Thirteen states and Washington D.C. have enacted laws to require paid sick leave.
Connecticut was the first state to require private-sector employers to provide paid sick leave to their employees, with a law enacted in 2011. California became the second state to enact paid sick requirements, with the passage of the Healthy Workplace, Healthy Families Act of 2014. Massachusetts was the third state to require paid sick leave, as voters there approved the Earned Sick Time for Employees ballot measure during the 2014 general election. The Oregon Legislature enacted a law during the 2015 session, and the Vermont Legislature did so during the 2016 session.
During the 2016 general election, voters in Arizona and Washington approved ballot measures requiring employers to provide paid sick leave. The Rhode Island Legislature was the only state to pass a paid sick leave law in 2017, which will take effect in 2018. In 2018, Maryland, New Jesey and Michigan enacted paid sick leave measures. Two more states, Nevada and Maine, enacted paid sick leave laws in 2019. Nevada's paid sick leave law took effect at the start of 2020, Maine's does not take effect until 2021. Additional details on paid sick leave coverage and benefits are provided in the table below.
COVID-19 and Paid Sick Leave
In response to the coronavirus pandemic, Congress enacted emergency legislation to temporarily give many Americans access paid leave if they need to take time off work because of the virus. A few states have also temporarily broadened access to paid sick leave in response to the impact of the coronavirus, but no permanent, broad paid sick leave measures have been adopted.
The Families First Coronavirus Response Act requires certain employers to provide paid sick leave to employees who are sick, need to quarantine or self-isolate, care for a sick or quarantined family member, or care for a child whose school has been closed. It also creates an employer tax credit to fully offset the costs of providing this benefit. The paid sick leave requirement does not apply to employers with more than 500 employees. The Secretary of the Department of Labor is permitted to issue regulations exempting businesses with fewer than 50 employees from the paid leave requirement if it "would jeopardize the viability of the business as a going concern.”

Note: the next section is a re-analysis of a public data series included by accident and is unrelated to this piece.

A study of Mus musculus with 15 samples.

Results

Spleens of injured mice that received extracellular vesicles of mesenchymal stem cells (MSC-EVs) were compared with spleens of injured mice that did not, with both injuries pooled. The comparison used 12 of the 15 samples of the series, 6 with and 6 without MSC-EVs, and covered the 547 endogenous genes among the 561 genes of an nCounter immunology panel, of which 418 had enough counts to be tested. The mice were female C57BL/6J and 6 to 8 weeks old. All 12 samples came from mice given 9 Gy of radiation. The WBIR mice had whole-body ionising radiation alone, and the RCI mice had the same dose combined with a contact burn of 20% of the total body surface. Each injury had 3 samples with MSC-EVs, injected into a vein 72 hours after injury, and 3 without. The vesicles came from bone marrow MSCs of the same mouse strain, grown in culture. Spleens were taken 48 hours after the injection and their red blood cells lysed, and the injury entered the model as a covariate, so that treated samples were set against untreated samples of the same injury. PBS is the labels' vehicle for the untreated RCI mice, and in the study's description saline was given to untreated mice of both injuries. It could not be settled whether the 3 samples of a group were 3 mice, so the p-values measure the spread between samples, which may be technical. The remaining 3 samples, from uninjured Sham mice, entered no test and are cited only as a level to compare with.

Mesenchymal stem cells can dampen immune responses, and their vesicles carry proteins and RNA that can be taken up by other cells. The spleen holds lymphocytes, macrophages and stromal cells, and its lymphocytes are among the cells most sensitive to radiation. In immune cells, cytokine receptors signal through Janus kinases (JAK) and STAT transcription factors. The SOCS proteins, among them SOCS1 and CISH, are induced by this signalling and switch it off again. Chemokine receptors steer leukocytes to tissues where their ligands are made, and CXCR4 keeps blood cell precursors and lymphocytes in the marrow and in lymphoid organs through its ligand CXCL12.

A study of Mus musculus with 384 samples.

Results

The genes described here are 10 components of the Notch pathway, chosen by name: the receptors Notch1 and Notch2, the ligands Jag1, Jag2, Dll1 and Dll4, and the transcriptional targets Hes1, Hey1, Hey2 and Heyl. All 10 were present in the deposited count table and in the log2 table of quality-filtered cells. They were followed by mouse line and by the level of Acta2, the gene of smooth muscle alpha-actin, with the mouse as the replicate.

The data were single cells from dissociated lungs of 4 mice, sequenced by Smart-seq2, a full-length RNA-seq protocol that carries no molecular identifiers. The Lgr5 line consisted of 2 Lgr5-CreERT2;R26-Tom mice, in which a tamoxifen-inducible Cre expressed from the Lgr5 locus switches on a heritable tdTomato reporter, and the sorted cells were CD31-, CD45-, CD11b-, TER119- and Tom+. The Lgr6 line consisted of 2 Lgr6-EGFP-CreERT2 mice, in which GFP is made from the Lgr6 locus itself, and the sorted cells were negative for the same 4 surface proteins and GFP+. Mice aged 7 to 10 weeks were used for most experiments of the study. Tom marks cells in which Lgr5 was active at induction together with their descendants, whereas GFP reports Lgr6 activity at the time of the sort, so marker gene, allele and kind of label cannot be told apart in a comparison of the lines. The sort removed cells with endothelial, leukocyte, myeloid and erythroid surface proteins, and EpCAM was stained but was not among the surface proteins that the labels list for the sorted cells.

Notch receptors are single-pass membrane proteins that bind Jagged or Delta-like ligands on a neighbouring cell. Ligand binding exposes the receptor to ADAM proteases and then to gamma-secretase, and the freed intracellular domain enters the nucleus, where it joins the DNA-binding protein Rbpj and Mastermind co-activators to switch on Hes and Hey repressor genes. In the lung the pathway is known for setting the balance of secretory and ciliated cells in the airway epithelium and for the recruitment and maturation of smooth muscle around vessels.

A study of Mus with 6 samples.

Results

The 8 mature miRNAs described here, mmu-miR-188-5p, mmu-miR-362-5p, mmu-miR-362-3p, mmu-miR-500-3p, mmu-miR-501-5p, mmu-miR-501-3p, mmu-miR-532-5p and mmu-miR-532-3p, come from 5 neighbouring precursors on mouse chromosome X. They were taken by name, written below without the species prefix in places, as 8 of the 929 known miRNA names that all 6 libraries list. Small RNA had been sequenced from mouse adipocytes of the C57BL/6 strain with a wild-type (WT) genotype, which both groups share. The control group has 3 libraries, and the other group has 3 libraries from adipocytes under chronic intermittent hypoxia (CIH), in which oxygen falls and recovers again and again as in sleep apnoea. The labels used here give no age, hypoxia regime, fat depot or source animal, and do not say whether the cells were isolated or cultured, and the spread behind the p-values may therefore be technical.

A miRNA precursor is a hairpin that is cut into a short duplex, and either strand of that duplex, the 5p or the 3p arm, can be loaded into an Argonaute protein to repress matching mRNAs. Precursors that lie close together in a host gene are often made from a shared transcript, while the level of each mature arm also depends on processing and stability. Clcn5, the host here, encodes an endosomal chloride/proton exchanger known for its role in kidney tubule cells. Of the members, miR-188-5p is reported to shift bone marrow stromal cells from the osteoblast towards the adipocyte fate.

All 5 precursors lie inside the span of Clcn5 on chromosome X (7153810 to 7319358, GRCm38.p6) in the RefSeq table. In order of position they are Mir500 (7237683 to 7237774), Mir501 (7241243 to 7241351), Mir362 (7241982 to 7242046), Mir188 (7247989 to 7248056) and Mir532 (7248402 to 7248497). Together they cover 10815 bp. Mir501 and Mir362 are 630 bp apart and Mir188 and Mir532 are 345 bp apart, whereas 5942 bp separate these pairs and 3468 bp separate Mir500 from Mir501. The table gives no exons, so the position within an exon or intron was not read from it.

Full-time employees receive 80 hours of sick leave under the new emergency leave program and part-time workers would be granted time off that is equivalent to their scheduled or normal work hours. Employers with existing paid sick leave policies cannot require a worker to use other available paid leave before using the federally-provided sick time. Employers are prohibited from requiring a worker to find replacement coverage for their hours during their time off and discharging or discriminating against workers for requesting such paid sick leave.
Employees are eligible to receive their rate of pay up to $511 per day while the employee is in quarantine up to $5,110 in aggregate. Employees can also receive their full rate of pay up to $200 per day up to a maximum of $2000 if the are taking leave to care for a family member or child whose school has closed. Eligible employers are entitled to a fully refundable tax credit equal to the required paid sick leave. Government entities cannot receive the credit.
Colorado: Governor Polis signed an executive order (CO 13-2020) that required the department of labor and development to develop emergency regulations for paid leave. The Colorado Health Emergency Leave with Pay Rules (“Colorado HELP” 7 CCR 1103-10) requires up to four days of paid sick for employees being tested for coronavirus COVID-19 in select industries which include: leisure and hospitality; food services; child care; education, including transportation, food service, and related work at educational establishments; home health, if working with elderly, disabled, ill, or otherwise high-risk individuals and; nursing homes and community living facilities. In July, 2020, Colorado also enacted a separate paid sick leave bill (CO S 205). The bill calls for employers to grant one hour of paid sick leave for every 30 hours worked, up to 48 in a year. Employers can grant more leave, however, at their discretion.
New York: The state passed the most generous paid leave package (S 8091) of any state thus far in response. Large employers must provide 14 days of paid sick leave for any quarantine or isolation order. Mid-size employers and small employers worth more than $1 million must provide 5 days of paid sick leave. Small employers must provide job-protected, unpaid leave for the duration of any quarantine or isolation order. Any worker who does not receive 14 days of paid sick leave can apply for “quarantine leave” benefits and the state will provide eligible employees with full wage replacement benefits for up to 14 days using a combination of state Temporary Disability Insurance and Paid Family and Medical leave insurace benefits.
North Carolina: Public school teachers were granted expanded paid leave benefits by the state board of education.